Saturday, June 03, 2006

What is a Pastor to do? (3)

Whether you are a pastor or not, the biblical portrait of a pastor is something every born again follower of Jesus Christ should be extremely concerned with. When your church calls a pastor, what kind of man will you be looking for? Two of the reasons God has given us 1 Timothy is to help churches select pastors and to help men of God see what God has called them to be. In 1 Timothy 3, Paul lists the qualifications for pastors. The tendency is to jump right into the list and overlook a jewel of truth in verse one. Paul says to the man who desires to be an overseer "it is a fine work he desires to do." The word translated "fine" is the Greek word kalos. This word is normally translated "good" but it does not refer to morally good. That would be the word agathos. Of course it is morally good to preach the gospel. Paul is saying more than that. Pastors can't preach only because it is morally good. Kalos carries with it the idea of beautiful. Don't call a man to be your pastor if he doesn't view the preaching of the gospel as a beautiful thing. Romans 10:15 says, "How beautiful are the feet of those who bring good news of good things." I can't emphasize this enough. The beauty in the pastorate is found in preaching the Word of God. Standing in the pulpit and proclaiming God's glorious truth should excite a pastor (and a church) more than anything! Sure, there are other things that are important like counseling, visiting the sick, etc. However, these are not the things that make the pastorate "beautiful." It is a marvelous thing to be an overseer. What makes it beautiful is that pastors are overseeing the flock in the ministry of the Word of God. Pastors, fall in love with preaching the word of God. Churches, fall in love with pastors who have fallen in love with preaching the word of God!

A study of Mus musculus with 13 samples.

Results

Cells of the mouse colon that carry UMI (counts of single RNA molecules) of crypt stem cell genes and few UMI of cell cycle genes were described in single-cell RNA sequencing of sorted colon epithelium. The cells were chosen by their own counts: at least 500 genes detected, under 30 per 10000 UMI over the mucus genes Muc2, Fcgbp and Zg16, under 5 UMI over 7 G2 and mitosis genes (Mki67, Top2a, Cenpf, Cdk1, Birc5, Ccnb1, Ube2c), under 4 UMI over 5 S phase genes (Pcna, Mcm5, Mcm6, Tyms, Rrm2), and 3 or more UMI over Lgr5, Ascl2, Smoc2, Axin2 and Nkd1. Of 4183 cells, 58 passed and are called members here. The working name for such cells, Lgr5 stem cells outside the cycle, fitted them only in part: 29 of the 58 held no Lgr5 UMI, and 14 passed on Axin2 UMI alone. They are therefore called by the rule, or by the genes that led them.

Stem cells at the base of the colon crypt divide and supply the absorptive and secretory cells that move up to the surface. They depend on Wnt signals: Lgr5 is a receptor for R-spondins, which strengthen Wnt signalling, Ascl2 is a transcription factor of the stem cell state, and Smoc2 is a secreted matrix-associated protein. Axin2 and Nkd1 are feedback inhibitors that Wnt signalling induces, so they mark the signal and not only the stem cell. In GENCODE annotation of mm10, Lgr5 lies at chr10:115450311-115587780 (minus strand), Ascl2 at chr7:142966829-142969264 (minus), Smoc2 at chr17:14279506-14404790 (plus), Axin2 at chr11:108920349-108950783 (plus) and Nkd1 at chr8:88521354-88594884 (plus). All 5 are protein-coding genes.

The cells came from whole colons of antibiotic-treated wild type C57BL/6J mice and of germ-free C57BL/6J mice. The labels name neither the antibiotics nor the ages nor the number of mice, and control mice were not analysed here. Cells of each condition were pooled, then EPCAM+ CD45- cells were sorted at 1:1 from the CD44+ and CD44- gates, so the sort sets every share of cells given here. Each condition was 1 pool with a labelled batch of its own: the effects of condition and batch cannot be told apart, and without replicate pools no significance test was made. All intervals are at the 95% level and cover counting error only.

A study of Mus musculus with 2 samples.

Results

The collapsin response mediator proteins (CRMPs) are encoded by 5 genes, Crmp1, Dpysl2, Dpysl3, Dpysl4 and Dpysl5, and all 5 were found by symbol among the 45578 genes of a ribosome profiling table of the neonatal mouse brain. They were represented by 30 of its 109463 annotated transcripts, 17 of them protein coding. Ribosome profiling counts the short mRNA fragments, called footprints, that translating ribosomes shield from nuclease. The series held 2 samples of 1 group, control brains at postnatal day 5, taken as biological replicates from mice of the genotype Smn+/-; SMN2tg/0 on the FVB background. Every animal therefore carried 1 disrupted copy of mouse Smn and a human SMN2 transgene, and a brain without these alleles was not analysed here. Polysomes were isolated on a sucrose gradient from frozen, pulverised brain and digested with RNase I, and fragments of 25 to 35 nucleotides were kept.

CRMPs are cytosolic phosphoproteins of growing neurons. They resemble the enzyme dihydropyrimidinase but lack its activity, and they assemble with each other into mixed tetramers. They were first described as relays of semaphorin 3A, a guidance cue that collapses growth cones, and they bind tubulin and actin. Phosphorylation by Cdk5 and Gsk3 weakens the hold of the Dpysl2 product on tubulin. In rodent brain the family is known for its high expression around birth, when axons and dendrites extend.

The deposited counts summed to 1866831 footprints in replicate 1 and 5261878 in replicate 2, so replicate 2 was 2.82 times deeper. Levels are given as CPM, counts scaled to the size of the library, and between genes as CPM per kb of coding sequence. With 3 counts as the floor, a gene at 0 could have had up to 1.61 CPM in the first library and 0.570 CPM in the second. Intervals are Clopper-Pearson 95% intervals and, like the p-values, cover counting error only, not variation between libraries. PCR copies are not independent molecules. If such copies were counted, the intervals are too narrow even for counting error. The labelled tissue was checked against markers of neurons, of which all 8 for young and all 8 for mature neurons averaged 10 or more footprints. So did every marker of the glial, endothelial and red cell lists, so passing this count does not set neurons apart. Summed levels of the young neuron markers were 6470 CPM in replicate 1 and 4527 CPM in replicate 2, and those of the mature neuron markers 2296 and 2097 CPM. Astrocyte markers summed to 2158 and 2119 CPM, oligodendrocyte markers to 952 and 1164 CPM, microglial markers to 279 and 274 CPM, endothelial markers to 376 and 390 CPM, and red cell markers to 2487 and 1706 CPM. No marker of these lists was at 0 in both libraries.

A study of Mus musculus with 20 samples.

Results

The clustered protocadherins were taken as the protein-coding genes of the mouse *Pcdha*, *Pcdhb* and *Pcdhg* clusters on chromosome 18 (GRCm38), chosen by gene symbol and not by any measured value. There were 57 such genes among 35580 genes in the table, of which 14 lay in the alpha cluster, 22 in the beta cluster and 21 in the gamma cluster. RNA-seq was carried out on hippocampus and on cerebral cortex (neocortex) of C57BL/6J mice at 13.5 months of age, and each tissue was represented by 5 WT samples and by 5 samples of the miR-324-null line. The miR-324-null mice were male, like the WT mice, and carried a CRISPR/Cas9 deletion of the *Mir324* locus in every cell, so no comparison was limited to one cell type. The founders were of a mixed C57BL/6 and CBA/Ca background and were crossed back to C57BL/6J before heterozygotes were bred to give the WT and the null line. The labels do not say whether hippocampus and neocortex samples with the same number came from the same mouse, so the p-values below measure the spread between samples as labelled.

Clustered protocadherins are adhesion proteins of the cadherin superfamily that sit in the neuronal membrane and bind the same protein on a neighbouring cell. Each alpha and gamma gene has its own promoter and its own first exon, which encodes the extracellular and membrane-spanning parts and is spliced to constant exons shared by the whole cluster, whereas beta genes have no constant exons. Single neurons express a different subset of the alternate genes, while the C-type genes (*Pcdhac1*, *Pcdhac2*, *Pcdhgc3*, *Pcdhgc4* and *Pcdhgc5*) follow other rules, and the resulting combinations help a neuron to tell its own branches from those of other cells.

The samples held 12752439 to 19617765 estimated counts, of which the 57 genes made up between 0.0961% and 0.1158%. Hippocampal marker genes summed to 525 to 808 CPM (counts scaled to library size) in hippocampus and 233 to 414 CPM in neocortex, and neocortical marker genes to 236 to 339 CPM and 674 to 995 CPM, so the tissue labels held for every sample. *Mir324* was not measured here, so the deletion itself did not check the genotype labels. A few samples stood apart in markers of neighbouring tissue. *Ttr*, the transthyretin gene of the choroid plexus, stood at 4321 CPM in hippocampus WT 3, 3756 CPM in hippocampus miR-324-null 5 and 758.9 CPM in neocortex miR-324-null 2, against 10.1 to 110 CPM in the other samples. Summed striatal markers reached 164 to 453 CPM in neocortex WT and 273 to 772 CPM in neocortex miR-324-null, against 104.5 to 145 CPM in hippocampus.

Give some thought to this quote from C.H. Spurgeon:

"Faithful preachers are among God’s best gifts. Cherish them, and be obedient to their admonitions. I have known persons become offended when a minister is “too personal;” but wise men always prize a ministry in proportion as it is personal to themselves. He who never tells me of my faults, nor makes me feel uneasy, is not likely to be the means of good to my soul. What is the use of a dog that never barks?"


Rev.J. Theodore Helms said...

Scott, that was "beautiful." Great insight and usage of the Greek text. I acutally got emotional reading your blog. Thanks.

Rev. Scott Welch said...

Thanks, Johnny. I am really enjoying looking at 1 Timothy more carefully. It's been very convicting in my own life and ministry.